Eyes misalignment in strabismus causes vast binocular corresponding areas to be stimulated with dissimilar images. Presumably, this abnormal condition triggers binocular rivalry (BR), which leads to pathological suppression. But the assumption raises the fundamental question of how the preference for global interocular suppression is determined. Current knowledge is insufficient as it is mainly obtained from BR research using small to medum size stimuli (1o-10o). Here, we measured BR with larger scale displays to simulate the full-field mismatch of strabismus.
The counterbalanced BR stimuli comprised vertical and horizontal red-black and blue-black 1cpd sinusoidal gratings. The peak blue luminance was 2.43 cd/m2; the red was 2.14, 4.30, or 10.5 cd/m2. Test 1 had a full-field stimulus spanning the display screen (56ox33o) with a central nonius fixation. Test 2 was similar but with a smaller stimulus size (24ox33o). Tests 3 and 4 were similar to test 2, but were placed respectively, to the right and left of the fixation. As large BR stimuli produce piecemeal percepts, we measured the BR percept at the edges of the stimuli, as the fixed spatial reference. We thus asked subjects (n=8) to detect if the blue grating was seen at the stimulus’ right or left edge. The stimulus duration (400 ms) was brief enough to prevent BR alternation but sufficiently long for BR to occur.
We found the full-field stimulus led to 99.9% mean dominance of the ipsilateral eye in the temporal visual field (p<0.000001, t-test). The dominant edge was usually perceived as a distinct strip. This trend held for the smaller central stimulus (test 2) (97.2% dominance, p<0.00001). Together, they suggest conformity with the naso-temporal asymmetry notion of inhibition. However, complicating this notion, we also found that the left eye dominated at the left edge while the right eye dominated at the right edge in tests 3 (93.1% dominance, p<0.00001) and 4 (91.8% dominance, p<0.0001), where the stimuli were presented, respectively, to the right and left visual fields.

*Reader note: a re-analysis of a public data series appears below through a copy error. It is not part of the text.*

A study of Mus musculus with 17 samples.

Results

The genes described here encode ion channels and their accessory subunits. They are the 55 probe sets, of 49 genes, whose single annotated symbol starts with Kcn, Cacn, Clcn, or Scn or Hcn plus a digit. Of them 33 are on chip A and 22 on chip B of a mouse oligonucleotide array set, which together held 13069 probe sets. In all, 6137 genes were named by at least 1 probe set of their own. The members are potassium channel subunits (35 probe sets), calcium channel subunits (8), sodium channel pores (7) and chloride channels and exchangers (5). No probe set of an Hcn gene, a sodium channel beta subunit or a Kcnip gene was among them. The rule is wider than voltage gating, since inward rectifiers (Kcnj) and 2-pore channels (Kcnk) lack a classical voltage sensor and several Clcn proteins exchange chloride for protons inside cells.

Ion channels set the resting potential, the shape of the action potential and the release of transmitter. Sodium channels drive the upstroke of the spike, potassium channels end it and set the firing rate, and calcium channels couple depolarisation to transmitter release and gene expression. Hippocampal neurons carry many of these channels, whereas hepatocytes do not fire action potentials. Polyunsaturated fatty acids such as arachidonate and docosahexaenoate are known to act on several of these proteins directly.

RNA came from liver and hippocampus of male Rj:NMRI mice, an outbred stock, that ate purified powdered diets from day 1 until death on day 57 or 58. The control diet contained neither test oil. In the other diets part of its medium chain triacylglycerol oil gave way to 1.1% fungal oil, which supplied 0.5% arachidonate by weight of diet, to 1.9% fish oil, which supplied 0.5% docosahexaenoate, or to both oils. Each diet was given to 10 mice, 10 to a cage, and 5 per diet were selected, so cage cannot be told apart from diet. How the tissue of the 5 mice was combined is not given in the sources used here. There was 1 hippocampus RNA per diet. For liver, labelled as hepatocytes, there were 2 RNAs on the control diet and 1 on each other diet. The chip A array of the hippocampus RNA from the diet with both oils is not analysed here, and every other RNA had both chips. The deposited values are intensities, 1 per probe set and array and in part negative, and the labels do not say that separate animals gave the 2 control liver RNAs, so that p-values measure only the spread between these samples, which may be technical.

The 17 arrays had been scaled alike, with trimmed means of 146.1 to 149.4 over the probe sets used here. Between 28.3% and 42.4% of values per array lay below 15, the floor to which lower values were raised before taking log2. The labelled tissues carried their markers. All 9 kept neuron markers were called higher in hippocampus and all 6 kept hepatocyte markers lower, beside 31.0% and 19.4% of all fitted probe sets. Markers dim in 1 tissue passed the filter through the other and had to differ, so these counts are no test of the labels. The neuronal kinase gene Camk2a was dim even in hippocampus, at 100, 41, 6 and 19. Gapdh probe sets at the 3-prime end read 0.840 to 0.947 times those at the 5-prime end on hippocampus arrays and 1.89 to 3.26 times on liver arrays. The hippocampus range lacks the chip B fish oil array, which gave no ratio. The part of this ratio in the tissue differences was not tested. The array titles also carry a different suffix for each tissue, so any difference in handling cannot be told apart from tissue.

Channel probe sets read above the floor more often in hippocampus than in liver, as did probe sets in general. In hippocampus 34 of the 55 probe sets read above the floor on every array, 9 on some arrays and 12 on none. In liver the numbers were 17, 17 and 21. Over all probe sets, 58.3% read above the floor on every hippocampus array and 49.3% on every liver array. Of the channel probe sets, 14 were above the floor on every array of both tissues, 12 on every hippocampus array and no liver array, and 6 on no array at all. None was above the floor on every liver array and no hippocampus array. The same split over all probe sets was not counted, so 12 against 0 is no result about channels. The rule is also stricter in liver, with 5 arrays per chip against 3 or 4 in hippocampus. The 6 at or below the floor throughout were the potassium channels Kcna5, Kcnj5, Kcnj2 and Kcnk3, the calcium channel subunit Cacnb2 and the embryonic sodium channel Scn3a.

Our findings indicate BR dominance of large stimulus spanning both the right and left visual fields observes the naso-temporal asymmetry rule. But when the stimulus is restricted to either the right or left field, the dominance preference is influenced by the boundaries of the stimulus, suggesting the impact of cortical contour processing.
This is an abstract that was submitted for the 2018 ARVO Annual Meeting, held in Honolulu, Hawaii, April 29 - May 3, 2018.